Agricultural drone operators who do not take precautions to when flying near low flying ag aircraft risk damage to equipment and injury to individuals.
The risk for collisions between ag drones and agricultural aircraft is increased due to the fact that the latter often perform their operations below 400 feet, the maximum height at which drones are allowed to fly.
Because of this and increasing incidents between drones and aircraft, National Agricultural Aviation Association (NAAA) are urging drone operators to undertake a number of steps in order to ensure the safety of themselves, and that of those around them.
NAAA Executive Director Andrew Moore explains that it is also the high speeds at which these aircraft operate that presents increased risk of danger.
“It’s incredibly difficult, if not impossible, for agricultural aviators to see UAVs because our members are doing precision agricultural work while flying at speeds of up to 140 mph,” he said.
“That’s why it’s so important for UAV operators to be aware of agricultural aviation operations in their area and take precautions to protect individuals both in the air and on the ground.”
One particular incident of a near miss between a UAV and an ag aircraft that occurred in Iowa last summer highlighted the problem.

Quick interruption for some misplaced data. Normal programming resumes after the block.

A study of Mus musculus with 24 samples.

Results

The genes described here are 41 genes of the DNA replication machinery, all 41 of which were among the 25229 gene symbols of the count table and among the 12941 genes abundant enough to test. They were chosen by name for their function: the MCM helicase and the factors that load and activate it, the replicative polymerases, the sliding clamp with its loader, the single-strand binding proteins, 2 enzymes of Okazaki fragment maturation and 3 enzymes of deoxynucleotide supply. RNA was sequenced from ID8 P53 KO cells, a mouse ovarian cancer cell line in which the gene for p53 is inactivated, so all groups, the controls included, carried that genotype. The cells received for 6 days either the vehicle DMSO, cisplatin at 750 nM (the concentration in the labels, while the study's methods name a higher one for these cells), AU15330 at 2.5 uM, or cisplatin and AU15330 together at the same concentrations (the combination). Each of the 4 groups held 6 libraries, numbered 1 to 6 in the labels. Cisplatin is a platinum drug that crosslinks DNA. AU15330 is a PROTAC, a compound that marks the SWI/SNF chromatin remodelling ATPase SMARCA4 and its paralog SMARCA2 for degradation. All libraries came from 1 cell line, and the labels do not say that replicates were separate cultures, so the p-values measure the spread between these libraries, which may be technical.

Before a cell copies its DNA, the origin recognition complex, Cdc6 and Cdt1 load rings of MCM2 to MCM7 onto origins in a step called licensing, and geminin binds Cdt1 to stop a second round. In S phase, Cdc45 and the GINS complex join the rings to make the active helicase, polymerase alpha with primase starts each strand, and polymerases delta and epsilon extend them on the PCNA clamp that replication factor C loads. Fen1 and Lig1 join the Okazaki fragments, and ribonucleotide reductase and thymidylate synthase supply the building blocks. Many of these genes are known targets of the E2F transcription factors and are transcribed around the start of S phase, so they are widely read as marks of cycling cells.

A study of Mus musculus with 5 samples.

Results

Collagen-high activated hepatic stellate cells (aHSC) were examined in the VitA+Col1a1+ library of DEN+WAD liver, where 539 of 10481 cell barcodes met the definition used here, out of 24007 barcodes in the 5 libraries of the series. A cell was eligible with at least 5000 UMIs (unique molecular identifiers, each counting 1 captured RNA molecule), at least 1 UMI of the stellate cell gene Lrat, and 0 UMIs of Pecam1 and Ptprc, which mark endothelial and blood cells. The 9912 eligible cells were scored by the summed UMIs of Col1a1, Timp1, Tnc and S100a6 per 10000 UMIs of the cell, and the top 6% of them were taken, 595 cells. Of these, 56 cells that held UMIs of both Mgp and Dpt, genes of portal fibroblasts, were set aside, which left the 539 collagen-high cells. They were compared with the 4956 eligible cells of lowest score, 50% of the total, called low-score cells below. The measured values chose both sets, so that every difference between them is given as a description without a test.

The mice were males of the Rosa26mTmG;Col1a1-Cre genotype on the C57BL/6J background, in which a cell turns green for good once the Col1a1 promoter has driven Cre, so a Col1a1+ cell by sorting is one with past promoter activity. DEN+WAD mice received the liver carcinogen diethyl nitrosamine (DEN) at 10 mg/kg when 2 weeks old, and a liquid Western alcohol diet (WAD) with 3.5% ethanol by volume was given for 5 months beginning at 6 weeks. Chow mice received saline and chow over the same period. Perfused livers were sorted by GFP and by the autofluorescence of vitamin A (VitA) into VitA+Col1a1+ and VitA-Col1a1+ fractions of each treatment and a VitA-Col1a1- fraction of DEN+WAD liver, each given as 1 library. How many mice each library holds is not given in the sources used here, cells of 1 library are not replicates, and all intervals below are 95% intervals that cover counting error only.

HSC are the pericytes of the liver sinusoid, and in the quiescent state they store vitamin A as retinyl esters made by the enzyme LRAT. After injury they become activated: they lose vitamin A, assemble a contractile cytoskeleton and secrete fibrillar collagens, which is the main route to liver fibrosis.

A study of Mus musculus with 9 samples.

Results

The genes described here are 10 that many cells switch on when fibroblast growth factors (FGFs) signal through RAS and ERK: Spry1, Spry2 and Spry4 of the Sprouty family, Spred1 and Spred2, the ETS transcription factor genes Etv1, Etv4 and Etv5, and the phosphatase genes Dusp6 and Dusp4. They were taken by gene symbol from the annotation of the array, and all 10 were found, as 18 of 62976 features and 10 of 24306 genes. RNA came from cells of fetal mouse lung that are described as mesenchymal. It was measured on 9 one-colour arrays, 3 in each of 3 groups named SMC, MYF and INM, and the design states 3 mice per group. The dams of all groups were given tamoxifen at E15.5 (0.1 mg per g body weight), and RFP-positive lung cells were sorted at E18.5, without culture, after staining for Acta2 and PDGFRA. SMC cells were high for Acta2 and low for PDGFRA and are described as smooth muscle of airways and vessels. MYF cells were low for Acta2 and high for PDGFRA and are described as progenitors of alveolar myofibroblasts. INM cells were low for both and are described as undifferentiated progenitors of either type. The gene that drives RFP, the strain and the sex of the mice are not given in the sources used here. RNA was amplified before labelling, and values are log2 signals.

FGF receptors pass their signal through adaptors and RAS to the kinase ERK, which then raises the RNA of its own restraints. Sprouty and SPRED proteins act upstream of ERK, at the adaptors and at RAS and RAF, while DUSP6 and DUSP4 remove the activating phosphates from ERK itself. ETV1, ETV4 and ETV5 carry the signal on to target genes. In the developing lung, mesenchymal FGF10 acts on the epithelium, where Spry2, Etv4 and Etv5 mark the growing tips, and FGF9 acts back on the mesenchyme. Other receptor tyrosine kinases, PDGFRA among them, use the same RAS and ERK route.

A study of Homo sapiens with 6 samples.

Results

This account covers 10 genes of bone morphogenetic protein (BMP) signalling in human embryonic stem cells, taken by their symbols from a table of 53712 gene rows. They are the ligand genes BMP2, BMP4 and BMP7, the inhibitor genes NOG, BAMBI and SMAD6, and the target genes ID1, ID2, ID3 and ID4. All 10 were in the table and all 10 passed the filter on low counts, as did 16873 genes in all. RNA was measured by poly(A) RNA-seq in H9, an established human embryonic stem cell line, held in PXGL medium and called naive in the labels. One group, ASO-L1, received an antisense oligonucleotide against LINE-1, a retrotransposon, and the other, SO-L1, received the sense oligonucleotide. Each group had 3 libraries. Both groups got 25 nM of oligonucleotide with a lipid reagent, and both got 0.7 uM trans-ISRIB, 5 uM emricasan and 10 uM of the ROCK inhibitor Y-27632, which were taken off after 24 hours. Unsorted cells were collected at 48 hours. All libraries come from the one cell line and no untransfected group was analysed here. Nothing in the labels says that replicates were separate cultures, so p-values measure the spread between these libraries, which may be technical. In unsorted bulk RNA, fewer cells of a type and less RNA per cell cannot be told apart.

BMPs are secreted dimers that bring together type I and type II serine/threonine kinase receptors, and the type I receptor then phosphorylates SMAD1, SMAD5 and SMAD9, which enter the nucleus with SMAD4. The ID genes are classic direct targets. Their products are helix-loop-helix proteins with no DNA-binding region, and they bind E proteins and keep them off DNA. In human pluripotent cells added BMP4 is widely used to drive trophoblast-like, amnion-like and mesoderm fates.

Purpose-built agricultural drones such as those made by Microdrones have many useful features but may still require additions such as strobe lights.
The full list of steps that the NAAA recommends that UAV operators take include:
- Equip drones with tracking technology, such as ADS-B, so other aircraft similarly equipped know of their positions.
- Get certified and well-trained in operating a UAV.
- Contact local agricultural aviation operations before flying by consulting AgAviation.org/findapplicator.
- Equip UAVs with visible strobe lights.
- Give the right-of-way to a manned aircraft. It’s the law.
- Land your UAV immediately when a low-flying aircraft is nearby.
- Carry UAV liability insurance.
With the ag aviation industry applying crop protection products to 71 million acres of cropland each year in the USA alone, its easy to see how imperative these steps are to take.
A comparison between the damage caused by a relatively light bird and the potential damage a drone can cause also highlights to potential dangers of unsafe drone operations in agriculture.
“When birds hit an ag aircraft, they can break through an aircraft’s windshield causing deadly accidents. A study conducted by the Alliance for System Safety of UAS through Research Excellence (ASSURE) showed UAV collisions with aircraft cause more damage than would a bird strike of similar size, due partially to UAVs’ dense motors and batteries, as opposed to a bird made mostly of water, feathers, hollow bones and sinew,” the NAAA said.
Since the Part 107 rule from the Federal Aviation Administration went into effect in August 2017, more than 60,000 people have obtained a remote pilot certificate. More than 1 million UAVs are registered with the FAA—of which more than 80,000 individual UAVs have been registered for commercial and government purposes.